Melvin Davis and Cheyenne Hunt sat side by side in the Georgia Tech communications office this week for an interview, two teammates and friends relishing a 4½-year ride that is about to come to an end. They are rarities in the culture of the Tech football team, walk-ons who have seen scant playing time but stuck it out through five seasons.
They were now sharing a laugh over their least favorite aspects of walk-on life. For Davis, an A-back from Morgan County High, it’s how some of his team gear is labeled. Because he shares the No. 23 jersey with linebacker Jalen Johnson, the equipment staff gives him (and others with duplicate numbers) sweatshirts and other gear printed with a three-digit number, and not 23, in order to keep it separated from Johnson’s stuff.
“It’s just bad, because you go around family and it’s like, why is there a ‘111’ on your sweats?” Davis said.
For Hunt, an offensive tackle from Effingham County High, he rues the days when scholarship players receive their stipend checks and some gripe about the electronic deposits being slow to show up in their bank accounts.
“You hear guys talk about that and you’re just sitting there, like, No, instead, I just wrote Georgia Tech a fat check,” he said. “I’m oozing money here.”
The complaints were lighthearted, and they’ve evidently been few. Davis and Hunt will be two of the 24 players who will be recognized in senior day festivities Saturday prior to the Jackets’ home game against Virginia. They won’t leave with many statistics or highlights to their name – Davis has appeared in five games in his career and Hunt just one – but they will have the respect and appreciation of teammates and coaches.
“Guys like Cheyenne and Melvin are invaluable,” coach Paul Johnson said. “People don’t get to see them play, but they’re a huge part of the team.”
Hunt has been on the offensive scout team since his first season in 2014 and has been on it ever since. Once a player is a senior, he can opt out of being on the scout team – an assignment that essentially guarantees that a player won’t be getting any regular playing time and that also can be a bruise to the ego. Realizing that his shot at the field was a longshot, Hunt chose to stay.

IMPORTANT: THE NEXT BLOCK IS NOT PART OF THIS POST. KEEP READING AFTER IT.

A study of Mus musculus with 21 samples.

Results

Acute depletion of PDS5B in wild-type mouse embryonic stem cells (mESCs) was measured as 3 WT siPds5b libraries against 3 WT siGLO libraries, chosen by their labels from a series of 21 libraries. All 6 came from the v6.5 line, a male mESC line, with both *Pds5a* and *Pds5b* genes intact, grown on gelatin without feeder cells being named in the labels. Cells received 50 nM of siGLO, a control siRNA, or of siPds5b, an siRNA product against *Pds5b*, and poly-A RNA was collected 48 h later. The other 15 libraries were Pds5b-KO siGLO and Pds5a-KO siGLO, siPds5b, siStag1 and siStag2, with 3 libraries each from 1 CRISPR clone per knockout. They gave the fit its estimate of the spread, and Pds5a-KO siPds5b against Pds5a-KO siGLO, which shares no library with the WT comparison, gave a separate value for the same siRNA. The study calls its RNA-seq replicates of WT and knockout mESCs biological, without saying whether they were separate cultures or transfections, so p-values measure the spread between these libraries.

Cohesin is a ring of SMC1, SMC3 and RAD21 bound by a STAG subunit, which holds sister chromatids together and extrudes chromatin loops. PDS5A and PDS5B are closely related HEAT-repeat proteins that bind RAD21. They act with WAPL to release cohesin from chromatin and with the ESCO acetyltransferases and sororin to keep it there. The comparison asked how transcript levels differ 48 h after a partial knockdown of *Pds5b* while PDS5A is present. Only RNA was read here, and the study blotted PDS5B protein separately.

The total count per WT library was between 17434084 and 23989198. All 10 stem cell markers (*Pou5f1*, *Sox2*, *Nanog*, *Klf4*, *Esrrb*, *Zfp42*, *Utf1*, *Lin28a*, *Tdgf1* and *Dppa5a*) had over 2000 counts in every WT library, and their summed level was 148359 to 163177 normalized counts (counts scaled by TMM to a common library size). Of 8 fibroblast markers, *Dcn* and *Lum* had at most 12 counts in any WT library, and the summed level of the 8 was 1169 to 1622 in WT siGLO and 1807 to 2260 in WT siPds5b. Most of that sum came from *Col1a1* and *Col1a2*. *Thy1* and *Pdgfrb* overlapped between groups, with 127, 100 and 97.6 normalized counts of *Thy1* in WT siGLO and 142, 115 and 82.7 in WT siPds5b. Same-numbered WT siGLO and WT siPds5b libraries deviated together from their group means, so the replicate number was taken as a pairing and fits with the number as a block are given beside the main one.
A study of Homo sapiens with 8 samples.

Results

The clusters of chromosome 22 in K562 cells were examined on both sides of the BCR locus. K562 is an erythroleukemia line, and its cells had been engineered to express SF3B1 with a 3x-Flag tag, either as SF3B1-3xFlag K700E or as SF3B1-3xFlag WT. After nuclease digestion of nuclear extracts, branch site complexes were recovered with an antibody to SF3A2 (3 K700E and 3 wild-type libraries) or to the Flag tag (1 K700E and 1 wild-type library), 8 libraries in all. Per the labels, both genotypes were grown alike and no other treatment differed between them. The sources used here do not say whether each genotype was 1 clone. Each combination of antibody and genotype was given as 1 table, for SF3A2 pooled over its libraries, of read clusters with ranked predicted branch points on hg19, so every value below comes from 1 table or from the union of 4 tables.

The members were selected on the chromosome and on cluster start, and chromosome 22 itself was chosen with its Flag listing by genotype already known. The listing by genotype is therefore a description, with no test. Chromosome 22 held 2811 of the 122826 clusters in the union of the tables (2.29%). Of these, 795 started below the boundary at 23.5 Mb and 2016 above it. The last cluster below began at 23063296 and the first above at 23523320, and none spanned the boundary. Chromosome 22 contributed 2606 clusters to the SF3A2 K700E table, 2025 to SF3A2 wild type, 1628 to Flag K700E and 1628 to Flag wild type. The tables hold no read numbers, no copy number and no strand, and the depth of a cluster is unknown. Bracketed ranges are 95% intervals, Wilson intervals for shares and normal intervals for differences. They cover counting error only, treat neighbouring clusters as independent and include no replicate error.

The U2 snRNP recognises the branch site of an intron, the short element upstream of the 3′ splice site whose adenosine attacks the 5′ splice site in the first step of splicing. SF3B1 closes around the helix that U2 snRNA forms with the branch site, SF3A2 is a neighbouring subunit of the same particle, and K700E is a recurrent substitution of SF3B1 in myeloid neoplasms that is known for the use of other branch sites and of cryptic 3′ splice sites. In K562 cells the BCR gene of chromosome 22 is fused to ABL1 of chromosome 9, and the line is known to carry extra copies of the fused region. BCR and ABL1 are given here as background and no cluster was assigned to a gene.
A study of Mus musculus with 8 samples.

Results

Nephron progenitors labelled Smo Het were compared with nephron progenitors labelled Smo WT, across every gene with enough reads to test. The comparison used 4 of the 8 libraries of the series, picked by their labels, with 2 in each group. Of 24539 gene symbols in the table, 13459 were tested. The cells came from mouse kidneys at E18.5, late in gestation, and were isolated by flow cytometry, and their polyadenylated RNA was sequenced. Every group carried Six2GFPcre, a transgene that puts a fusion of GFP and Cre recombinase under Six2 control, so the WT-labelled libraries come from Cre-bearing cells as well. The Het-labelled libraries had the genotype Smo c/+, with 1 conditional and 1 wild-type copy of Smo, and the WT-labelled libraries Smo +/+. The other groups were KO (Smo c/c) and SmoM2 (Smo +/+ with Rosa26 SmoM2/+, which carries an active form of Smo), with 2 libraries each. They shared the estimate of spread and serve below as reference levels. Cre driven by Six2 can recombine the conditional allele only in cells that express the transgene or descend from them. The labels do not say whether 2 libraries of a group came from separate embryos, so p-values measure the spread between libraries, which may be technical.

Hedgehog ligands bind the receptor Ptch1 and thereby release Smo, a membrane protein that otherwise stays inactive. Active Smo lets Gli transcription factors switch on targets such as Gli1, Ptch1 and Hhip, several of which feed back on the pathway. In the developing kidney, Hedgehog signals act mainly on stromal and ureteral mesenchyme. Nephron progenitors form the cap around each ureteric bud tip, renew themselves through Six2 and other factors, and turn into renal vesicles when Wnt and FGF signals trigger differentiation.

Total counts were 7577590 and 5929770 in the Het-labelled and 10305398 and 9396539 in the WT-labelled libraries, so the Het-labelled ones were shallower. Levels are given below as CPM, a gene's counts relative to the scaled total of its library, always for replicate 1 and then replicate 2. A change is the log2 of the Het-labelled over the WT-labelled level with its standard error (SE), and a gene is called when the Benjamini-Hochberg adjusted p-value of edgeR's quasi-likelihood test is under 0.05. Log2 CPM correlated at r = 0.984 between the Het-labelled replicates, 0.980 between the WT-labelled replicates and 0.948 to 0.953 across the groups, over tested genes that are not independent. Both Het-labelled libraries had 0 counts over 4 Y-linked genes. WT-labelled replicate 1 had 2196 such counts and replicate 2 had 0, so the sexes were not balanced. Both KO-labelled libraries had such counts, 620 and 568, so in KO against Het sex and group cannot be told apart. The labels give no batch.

“I felt like it’d help the team a little more by giving good looks on the scout team,” he said. “If I were not on there, I felt like I’d be standing around a lot more, not really contributing as much.”
That Hunt is even on the team this year is highly unusual. Hunt had already earned his civil engineering degree (GPA: 3.8) in May, and walk-ons who graduate with eligibility remaining typically move on. But Hunt came back to get his master’s in civil engineering, in part because he wanted to come back for one final season. He didn’t want to have to look back and realize he’d missed out on something – maybe a special-teams role or a great bowl trip. Or just the locker-room camaraderie.
“So part of me is like, you don’t want to let down your brothers,” he said. “That’s sort of what it feels like.”
On scout team, Hunt practices against Tech defensive ends Anree Saint-Amour and Desmond Branch and gets satisfaction when pass-rush moves that they perfect on him are executed on Saturdays. It also makes him feel better.
“Because you’re like, that guy, he’s at least on scholarship and he got beat the same way I did,” Hunt said.
Davis has been with the “varsity” – starters and backups on the depth chart – the past two years at A-back after playing cornerback on the scout team for his first three years.
Like Hunt, Davis came to Tech as a preferred walk-on – he was offered a scholarship to Division II Clark Atlanta – and hoped to earn regular playing time. It happens sometimes, as has been the case with walk-ons on this roster such as offensive tackle Bailey Ivemeyer (who earned a scholarship) and kicker Shawn Davis.
But Davis’ hopes were dashed this year for good when he got hurt in the preseason, robbing him of a chance to make an impression on coaches. He has still given his teammates and coaches the gift of his levity and spirit.
“Obviously, you always want to approach everything with a positive attitude and make it fun,” he said. “You know at the end of the day, you come to play and enjoy the game and have fun. It was always me trying to have a good time and get work done at the same time.”
Johnson said that Davis holds court while the team is lined up for stretching before practice begins. Linebacker Brant Mitchell described him as a “goofball.”
“He always talks about (how) he’s the real 23 and all that,” said Jalen Johnson, who has shared that number with Davis for the past two seasons.
They’ll soon leave it behind, though. Davis will graduate in December with a business degree and hopes to be a CPA. Hunt will earn his master’s in May and will look for work with an engineering firm.
Both have played since they were children and have squeezed just about all they could out of their careers. They won the Orange Bowl in their first season and have ridden the roller coaster the past four seasons, even if the rewards of playing time never materialized.
“But even from there, I’ve loved every second about being part of the team,” Hunt said.